Check out our list of the top 5 things you need to do immediately after you realize your identity has been stolen.

There's some real concern by detectives these days that they just can't get out in front of identity thieves. The problem is investigators seem to always be on the defensive, hoping they can find the person responsible for defrauding people.

Unfortunately, even when the person is held accountable, which is rare, there often isn't a penalty that's harsh enough to justify all of the work detectives do to try to put them behind bars. So it's a frustrating situation.

So you must protect yourself as a consumer. The more aware you are, the better off you'll be, because one thing we know for sure, the bad guys likely have all your personal information with all the data breaches that have happened. It's just a matter of if and when they'll use it.

Make sure you check your credit report at least once a year and keep an array of passwords to be used in your online activities.

Here are the top 5 things you should do immediately after you know you are a victim of identity theft.

1. Pull everything!

Pull your credit reports, financial statements and bank account information and highlight all items that are not correct. This will help to show you the depth of the assault on your credit.

2. Contact the financial institution involved in the fraudulent transaction(s).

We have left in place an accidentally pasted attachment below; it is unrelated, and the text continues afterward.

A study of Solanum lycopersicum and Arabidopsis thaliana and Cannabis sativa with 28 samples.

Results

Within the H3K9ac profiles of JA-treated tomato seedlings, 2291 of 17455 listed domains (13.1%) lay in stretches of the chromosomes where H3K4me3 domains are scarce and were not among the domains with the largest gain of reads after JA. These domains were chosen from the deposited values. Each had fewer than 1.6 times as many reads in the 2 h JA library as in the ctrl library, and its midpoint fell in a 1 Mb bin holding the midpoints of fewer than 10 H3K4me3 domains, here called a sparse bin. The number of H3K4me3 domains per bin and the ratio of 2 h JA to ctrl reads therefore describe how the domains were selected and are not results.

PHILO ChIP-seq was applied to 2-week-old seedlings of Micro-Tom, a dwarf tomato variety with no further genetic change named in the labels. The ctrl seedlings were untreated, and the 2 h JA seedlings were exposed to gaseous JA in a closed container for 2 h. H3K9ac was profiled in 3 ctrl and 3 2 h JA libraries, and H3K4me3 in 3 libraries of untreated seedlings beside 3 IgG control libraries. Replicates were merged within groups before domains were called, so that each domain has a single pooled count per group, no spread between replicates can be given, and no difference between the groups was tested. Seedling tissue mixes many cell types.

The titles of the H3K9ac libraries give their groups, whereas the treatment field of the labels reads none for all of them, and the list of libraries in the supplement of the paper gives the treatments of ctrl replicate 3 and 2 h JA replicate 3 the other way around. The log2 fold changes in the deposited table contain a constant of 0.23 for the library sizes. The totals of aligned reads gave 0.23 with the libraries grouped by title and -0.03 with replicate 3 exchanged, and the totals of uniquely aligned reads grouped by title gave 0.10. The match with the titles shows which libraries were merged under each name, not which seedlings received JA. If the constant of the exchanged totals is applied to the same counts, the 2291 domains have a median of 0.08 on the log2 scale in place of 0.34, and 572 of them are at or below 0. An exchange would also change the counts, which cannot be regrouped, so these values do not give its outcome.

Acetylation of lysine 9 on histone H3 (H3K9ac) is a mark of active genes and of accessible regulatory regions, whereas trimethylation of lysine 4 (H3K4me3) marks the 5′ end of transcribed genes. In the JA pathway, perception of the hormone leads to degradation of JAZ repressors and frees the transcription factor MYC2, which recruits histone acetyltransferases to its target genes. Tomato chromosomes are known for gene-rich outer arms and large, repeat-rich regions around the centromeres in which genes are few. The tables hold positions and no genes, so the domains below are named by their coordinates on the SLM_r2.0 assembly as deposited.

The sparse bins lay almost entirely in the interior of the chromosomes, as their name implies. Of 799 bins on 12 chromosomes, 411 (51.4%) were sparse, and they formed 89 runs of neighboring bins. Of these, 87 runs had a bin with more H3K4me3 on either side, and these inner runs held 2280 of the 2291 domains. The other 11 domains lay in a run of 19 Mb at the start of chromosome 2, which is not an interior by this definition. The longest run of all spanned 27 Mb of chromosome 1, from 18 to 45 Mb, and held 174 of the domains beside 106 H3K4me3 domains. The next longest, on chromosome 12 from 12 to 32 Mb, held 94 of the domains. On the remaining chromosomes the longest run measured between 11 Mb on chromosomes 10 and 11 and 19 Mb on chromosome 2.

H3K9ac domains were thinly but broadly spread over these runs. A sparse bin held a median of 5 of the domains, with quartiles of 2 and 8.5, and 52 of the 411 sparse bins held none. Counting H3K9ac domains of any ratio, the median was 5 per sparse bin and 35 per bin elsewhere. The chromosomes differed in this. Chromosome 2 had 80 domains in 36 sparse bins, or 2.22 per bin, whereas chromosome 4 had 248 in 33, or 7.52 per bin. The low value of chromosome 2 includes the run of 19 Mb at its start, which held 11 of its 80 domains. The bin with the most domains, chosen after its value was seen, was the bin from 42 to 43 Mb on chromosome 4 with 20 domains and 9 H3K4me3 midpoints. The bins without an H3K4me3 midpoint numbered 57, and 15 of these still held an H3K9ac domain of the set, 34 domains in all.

They need to know immediately that what's been done was a criminal act. In my experience, they handled it professionally and took me seriously. I was very clear with them I did not complete this transaction and had nothing to do with it. I told them I would like them to investigate what happened so it didn't happen again to somebody else.

3. Put a fraud alert or freeze on your credit reports

I did this with all three credit reporting agencies (Equifax, Experian and TransUnion). Initial fraud alerts are free and will be in place for at least 90 days. I doubled down and subscribed to constant monitoring from Equifax to make sure once anything changed on my credit report, I would be alerted immediately.

Here are the links:

4. File complaint with the federal government

One of the easiest and most official things to do is to file a report with the Federal Trade Commission. I provided them all the information and that allowed me to spit out a detailed report I could use to provide the financial institutions and the police a detailed explanation of what happened.

Get started here.

5. File a police report

In my identity theft case, the investigating agency was going to be in the state of Alabama. But I live in Michigan. I called the policy agency in Alabama where the boat was purchased to alert them to the case and they wanted me to go to my local police department to file a police report. Once your local police department finishes the report, it's up to them to send it to the agency that can handle the investigation. Make sure that gets done or you can get your own copy of the police report to send it to the investigating agency.

More tips:

  • Check with the IRS or Social Security Administration to make sure somebody hasn't filed a tax return or claim in your name and social security number.
  • Make sure you are getting your U.S. Mail. Contact the Post office if you feel you are missing information.
  • Order credit monitoring for an extended time to make sure no new accounts are opened in your name.